The 2017 Baltimore Ravens are going nowhere fast. No matter where the majority of the blame is initially directed, all arrows eventually point back to head coach John Harbaugh. His fingerprints are all over the Ravens personnel decisions since 2012. He is the man who hired coordinators Dean Pees and Marty Mornhinweg, and signed off on their schemes. As head coach, he is ultimately responsible for player development.
It is time for a change. The Ravens have put off an honest rebuild for far too long. Besides a handful of contests in 2014 when Gary Kubiak was calling plays, most Ravens games have followed a familiar script. Inept offense, underperforming defense and uninspired mediocrity.
And nothing can kickstart a resurgence faster than a change at head coach.
Harbaugh will always be remembered fondly for the successes of his first five seasons in Baltimore and will likely secure a new head coaching gig in short order. Despite the Ravens recent struggles, he is still a good coach. But the Ravens desperately need a fresh voice and new leader. Regardless of owner Steve Bisciotti’s recent comments, Harbaugh’s days should be numbered.
Looking strategically at the Ravens roster construction, it becomes apparent the front office has stockpiled much more young talent on the defensive side of the ball compared to the offense. Therefore, any head coaching search should begin by looking at innovative offensive coordinators. A head coach with a background on the offensive side of the ball could be paired with an experienced defensive coordinator to bring out the best from both units.
Five NFL assistants worthy of head coaching consideration:
Jim Bob Cooter, offensive coordinator, Lions
Cooter is one of the youngest coordinators in the NFL at 33 years old. He cut his teeth with the Colts, Chiefs and Broncos before securing the Lions quarterback coach job in 2014. He took over as the Lions offensive coordinator midway through 2015, with impressive results considering the talent at his disposal.
His offenses have ranked 18th, 20th and currently 8th in scoring. No small feat when the Lions lack of quality offensive lineman, dynamic running backs or elite receivers are taken into account. Cooter believes in setting up the run with the pass. His scheme is a versatile, uptempo attack that is known to be quarterback friendly. After averaging an 83 quarterback rating in his first five seasons, Matthew Stafford has improved to a 91 rating under Cooter’s tutelage.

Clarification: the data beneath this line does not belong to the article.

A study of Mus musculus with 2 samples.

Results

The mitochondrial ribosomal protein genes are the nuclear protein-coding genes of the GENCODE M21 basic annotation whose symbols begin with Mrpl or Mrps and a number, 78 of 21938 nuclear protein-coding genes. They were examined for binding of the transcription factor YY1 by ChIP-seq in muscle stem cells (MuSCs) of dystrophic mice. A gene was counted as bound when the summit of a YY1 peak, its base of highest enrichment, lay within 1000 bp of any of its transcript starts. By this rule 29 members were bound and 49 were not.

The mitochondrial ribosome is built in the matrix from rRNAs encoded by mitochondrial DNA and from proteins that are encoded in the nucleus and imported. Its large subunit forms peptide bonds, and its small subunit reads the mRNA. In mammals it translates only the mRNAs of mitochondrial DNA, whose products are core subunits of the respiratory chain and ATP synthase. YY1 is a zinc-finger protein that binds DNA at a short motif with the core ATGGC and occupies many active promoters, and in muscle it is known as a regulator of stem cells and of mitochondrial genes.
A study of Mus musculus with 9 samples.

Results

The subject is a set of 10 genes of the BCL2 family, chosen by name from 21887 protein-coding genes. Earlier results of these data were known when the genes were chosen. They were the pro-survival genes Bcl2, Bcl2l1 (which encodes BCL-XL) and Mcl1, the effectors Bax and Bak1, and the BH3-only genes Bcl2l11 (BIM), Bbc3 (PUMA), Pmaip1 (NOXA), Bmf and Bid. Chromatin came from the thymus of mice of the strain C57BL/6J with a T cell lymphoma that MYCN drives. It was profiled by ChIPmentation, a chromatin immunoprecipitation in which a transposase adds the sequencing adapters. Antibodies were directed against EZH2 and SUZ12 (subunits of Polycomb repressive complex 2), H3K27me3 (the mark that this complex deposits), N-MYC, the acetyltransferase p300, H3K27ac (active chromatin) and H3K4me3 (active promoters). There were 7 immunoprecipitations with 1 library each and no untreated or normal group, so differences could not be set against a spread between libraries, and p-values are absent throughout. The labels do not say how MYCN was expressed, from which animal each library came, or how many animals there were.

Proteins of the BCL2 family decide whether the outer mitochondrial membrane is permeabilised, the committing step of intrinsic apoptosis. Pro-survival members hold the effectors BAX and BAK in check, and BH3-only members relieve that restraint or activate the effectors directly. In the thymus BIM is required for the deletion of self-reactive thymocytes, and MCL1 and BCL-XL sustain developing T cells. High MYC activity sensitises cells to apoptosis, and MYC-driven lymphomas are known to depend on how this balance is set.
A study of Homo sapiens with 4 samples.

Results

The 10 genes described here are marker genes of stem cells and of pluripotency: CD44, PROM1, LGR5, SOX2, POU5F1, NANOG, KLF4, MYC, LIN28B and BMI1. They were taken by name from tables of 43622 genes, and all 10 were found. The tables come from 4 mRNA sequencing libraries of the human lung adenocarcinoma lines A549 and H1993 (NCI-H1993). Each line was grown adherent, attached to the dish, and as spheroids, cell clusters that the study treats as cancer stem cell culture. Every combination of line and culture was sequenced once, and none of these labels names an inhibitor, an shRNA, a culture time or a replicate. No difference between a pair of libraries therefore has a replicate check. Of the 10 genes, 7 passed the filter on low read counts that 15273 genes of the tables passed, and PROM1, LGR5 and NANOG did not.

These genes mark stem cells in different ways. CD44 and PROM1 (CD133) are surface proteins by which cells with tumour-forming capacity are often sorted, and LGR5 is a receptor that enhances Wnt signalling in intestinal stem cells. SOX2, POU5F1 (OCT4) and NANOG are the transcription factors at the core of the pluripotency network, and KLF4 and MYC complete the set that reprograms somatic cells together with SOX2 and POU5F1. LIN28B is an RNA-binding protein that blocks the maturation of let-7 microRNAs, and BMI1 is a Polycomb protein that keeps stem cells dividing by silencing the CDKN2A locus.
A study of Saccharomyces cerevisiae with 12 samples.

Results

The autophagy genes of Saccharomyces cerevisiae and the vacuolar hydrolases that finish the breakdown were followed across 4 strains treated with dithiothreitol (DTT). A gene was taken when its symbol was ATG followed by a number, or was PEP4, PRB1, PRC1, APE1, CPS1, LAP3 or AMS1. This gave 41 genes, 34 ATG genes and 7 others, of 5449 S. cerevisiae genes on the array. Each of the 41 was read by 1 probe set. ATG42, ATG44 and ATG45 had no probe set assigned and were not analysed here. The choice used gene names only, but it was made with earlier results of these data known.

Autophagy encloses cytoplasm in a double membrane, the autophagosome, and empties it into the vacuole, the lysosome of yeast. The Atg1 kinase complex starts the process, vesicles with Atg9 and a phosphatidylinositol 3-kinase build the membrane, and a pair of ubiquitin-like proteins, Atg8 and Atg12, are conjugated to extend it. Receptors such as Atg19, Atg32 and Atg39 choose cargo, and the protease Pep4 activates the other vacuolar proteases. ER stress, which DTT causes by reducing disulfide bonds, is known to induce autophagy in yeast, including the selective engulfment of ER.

Josh McDaniels, offensive coordinator, Patriots
McDaniels returned to New England in 2012 after a two year stint as the Broncos head coach and one year as the Rams offensive coordinator. He has worked under Bill Belichick as the Patriots offensive coordinator and quarterbacks coach for the last five and a half years. Surely coaching Tom Brady with the support of Belichick’s defense has made McDaniel’s job easier, but his offenses have rarely missed a beat even when Brady misses games.
His offenses have ranked 1st, 7th, 11th, 6th, 4th and currently 1st in yards per game. He has also called the plays for two Super Bowl champions and directed the 2007 offense that set the record for points scored. The Patriots use a modified Erhardt-Perkins offensive scheme that is equally successful with smash mouth rushing or quick passing from spread sets. Furthermore, New England has a knack for developing mid to late round lineman and running backs, as well as extracting the maximum production from their receivers.
Matt Nagy, offensive coordinator, Chiefs
Nagy is a former quarterback who has been with Andy Reid since his time in Philadelphia. He was Kansas City’s quarterbacks coach from 2013 to 2015 before being promoted to coordinator in 2016. Nagy has seemingly brought the best out of Alex Smith, who currently boasts a 72-percent completion percentage and 15:0 touchdown to interception ratio.
The Chiefs utilize a West Coast scheme that aims to spread the field horizontally. Nagy’s offense ranked 13th in scoring last season and is currently 3rd in total offense. They have also been able to develop mid to late round running backs and receivers who thrive in their system. Kansas City’s offense routinely punches above their weight due to superior coaching.
Harold Goodwin, offensive coordinator, Cardinals
A Bruce Arians disciple, Goodwin is an offensive line coach by trade. He served under Arians in that capacity in Pittsburgh, Indianapolis and Arizona before assuming the coordinator position in 2013. Although Arians is the main play caller of his complex pass heavy scheme, Goodwin has been groomed to become a head coach and is instrumental in devising their weekly gameplans.
Arizona has ranked 12th, 24th, 1st, 9th and now 16th in total offense during Goodwin’s tenure. His work with the offensive line helped pave the way for David Johnson’s monster season last year. The Cardinals have also been successful unearthing offensive contributors in the middle and late rounds.
Matt LaFleur, offensive coordinator, Los Angeles Rams
LaFleur is impressive young coach Sean McVay’s right hand man. He was Kyle Shannahan’s quarterback coach with the Falcons in 2015 and 2016, helping Matt Ryan post an All-Pro season last year. He also helped develop Kirk Cousins as Washington’s quarterbacks coach from 2010-2013.
McVay’s offense is best characterized as a spread scheme that emphasizes stretching the field vertically. The Rams are currently the highest scoring offense in the NFL, a dramatic turnaround from the lowest scoring unit in 2016. Second year quarterback Jared Goff has improved his passer rating from 64 to 90 under the Rams new regime. Tailback Todd Gurley has also been put in position to succeed with this staff, his yards from scrimmage average per game has improved from 78 last season to 132 thus far in 2017.